It’s 7:00 am and your 10 year-old was supposed to be up 15 minutes ago but is still lying in bed. The bus leaves in 10 minutes and you are the only one concerned and stressed out that she won’t be ready on time. You drag her out of bed and throw some clothes on her while you attempt to shove a cereal bar and banana into her backpack because it’s now too late to eat breakfast at home. On top of that you find yourself constantly repeating to your 8-year-old to brush his teeth, but instead he continues to play legos in his room and ignore you.
Does any of this sound familiar? Getting kids up and ready for school can be the most stressful part of your day, but it doesn’t have to be. Below are seven tips to get your kids up and ready for school on time.
- Get as much done the night before as possible. Have your kids pick out their clothes before they go to bed. I’ve even known kids who wear their school clothes to bed. Pack lunches and water-bottles and snacks the night before too. Make sure homework is in backpacks and other items needed for school are lined up at the door ready to go like shoes and coats.
- Have kids set their own alarm clocks. This helps your child to learn to take more responsibility for getting up in the morning and relying less on you to wake them up. Before deciding on what time to get up, have a discussion with your child about how long they need to lie in bed before getting up, how long they need to get dressed, eat breakfast and so on. This exercise teaches kids about time and how much time they really need to get ready in the morning. Help your child to set their own alarm clock every night so that they can develop a good habit.
- Create a checklist of things to do. Some kids need a visual reminder of things they need to get done in the morning. Creating a checklist (use photos/drawings for pre-readers) can be helpful. Kids can self-monitor by looking at their checklist to see that they have done everything before heading out such as; getting dressed, brushing teeth, eating breakfast, brushing hair, etc. Keep the checklist on the mirror in the bathroom or on the front door so that kids won’t leave the house without looking at their list. Hopefully, the checklist will keep you from being a broken record repeatedly telling Johnny to brush his teeth!
- Give incentives for getting ready on time. A simple check-mark or star next to the items on a checklist is rewarding in itself but some kids need more incentive to roll out of bed in the morning. Maybe earning extra TV or video game time is what helps motivate your child. Maybe they prefer getting mom’s phone on the drive to school. Have your child help to choose the incentive that will help them get up and going in the morning.
- Make sure kids get to bed on time. Getting enough sleep helps kids to actually wake up in the morning. Have a “lights-out” time that works for your child’s age. Most kids need at least 8-10 hours of sleep so making sure your child goes to bed at a reasonable hour will help them to get up in the morning. Good sleep hygiene is essential in helping kids unwind and get ready for bed. This means unplugging from TV and all electronics at least one hour before bed, and doing calming activities like taking a warm bath or reading a bedtime story to help your child unwind and get in ready for sleep.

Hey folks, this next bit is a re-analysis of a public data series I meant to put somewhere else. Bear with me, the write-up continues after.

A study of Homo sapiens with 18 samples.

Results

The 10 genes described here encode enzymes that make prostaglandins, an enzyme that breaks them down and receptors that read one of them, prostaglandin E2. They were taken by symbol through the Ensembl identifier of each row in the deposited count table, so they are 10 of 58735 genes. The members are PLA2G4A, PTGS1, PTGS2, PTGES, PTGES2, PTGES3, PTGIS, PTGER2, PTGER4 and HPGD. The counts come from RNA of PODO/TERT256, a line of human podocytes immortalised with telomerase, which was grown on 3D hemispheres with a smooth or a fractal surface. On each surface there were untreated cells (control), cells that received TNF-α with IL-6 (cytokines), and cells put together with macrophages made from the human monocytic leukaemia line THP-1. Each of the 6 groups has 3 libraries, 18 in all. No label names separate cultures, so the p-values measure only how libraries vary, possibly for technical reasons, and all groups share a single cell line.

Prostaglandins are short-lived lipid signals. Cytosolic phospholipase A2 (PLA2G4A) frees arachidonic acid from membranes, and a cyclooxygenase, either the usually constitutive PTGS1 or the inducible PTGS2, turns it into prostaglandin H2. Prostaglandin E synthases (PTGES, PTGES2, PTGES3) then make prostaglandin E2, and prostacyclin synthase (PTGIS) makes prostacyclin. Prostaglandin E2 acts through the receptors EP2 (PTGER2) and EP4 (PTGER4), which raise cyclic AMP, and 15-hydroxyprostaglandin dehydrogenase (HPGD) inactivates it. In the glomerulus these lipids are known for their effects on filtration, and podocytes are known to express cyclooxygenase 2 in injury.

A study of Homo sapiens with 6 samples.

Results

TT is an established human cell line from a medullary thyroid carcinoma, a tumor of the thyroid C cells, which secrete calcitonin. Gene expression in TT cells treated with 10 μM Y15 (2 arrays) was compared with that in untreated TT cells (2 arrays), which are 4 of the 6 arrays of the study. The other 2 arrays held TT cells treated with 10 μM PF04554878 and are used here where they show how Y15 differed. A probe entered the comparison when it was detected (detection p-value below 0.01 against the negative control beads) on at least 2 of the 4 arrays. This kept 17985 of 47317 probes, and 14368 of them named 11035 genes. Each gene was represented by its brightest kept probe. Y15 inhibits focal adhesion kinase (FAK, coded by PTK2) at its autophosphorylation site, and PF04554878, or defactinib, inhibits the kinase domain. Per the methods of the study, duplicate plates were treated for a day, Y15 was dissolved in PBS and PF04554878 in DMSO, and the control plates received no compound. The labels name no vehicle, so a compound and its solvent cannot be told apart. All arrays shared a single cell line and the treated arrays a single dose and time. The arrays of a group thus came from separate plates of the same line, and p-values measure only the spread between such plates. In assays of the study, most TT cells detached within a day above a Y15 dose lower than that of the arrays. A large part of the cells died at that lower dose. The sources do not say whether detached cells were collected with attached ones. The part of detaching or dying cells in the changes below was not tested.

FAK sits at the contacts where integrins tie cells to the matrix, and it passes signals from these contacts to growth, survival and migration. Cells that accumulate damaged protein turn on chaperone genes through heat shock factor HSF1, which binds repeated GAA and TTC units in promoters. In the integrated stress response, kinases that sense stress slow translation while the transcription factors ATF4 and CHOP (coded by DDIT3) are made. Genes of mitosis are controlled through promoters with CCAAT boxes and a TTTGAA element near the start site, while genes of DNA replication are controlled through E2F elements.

- Use a timer for kids to help understand the concept of time. Younger kids and some older ones have no concept of what 15 minutes or 30 minutes means. Using a timer gives kids a visual for time and helps them to self-monitor their time in the morning. Having kids see and “feel” time will help them develop an inner clock to gage how long they have to get ready on time.
- Let natural consequences happen. If your child misses the bus because he was slow getting ready in the morning let the natural consequences play out. If you live close to school, maybe that means he now has to walk or ride his bike. Maybe getting a tardy slip is enough to motivate your daughter to get up earlier for school. As a parent, we naturally want to help our children but we don’t help them if we protect them from natural consequences. This means do not rescue your child by offering them a ride or excusing the tardy. Let your child learn the hard way and let natural consequences be the motivator to do something different next time.
Mornings can be stressful for families because there is a lot to do in a short amount of time. Getting kids up and at ’em is no easy task. Get your kids involved as much as possible so that they learn to take responsibility for getting to school on time and become less reliant on you to get them ready. Also, let natural consequences motivate your child to get up and ready in the morning. I hope these tips help you and your family have stress-free mornings.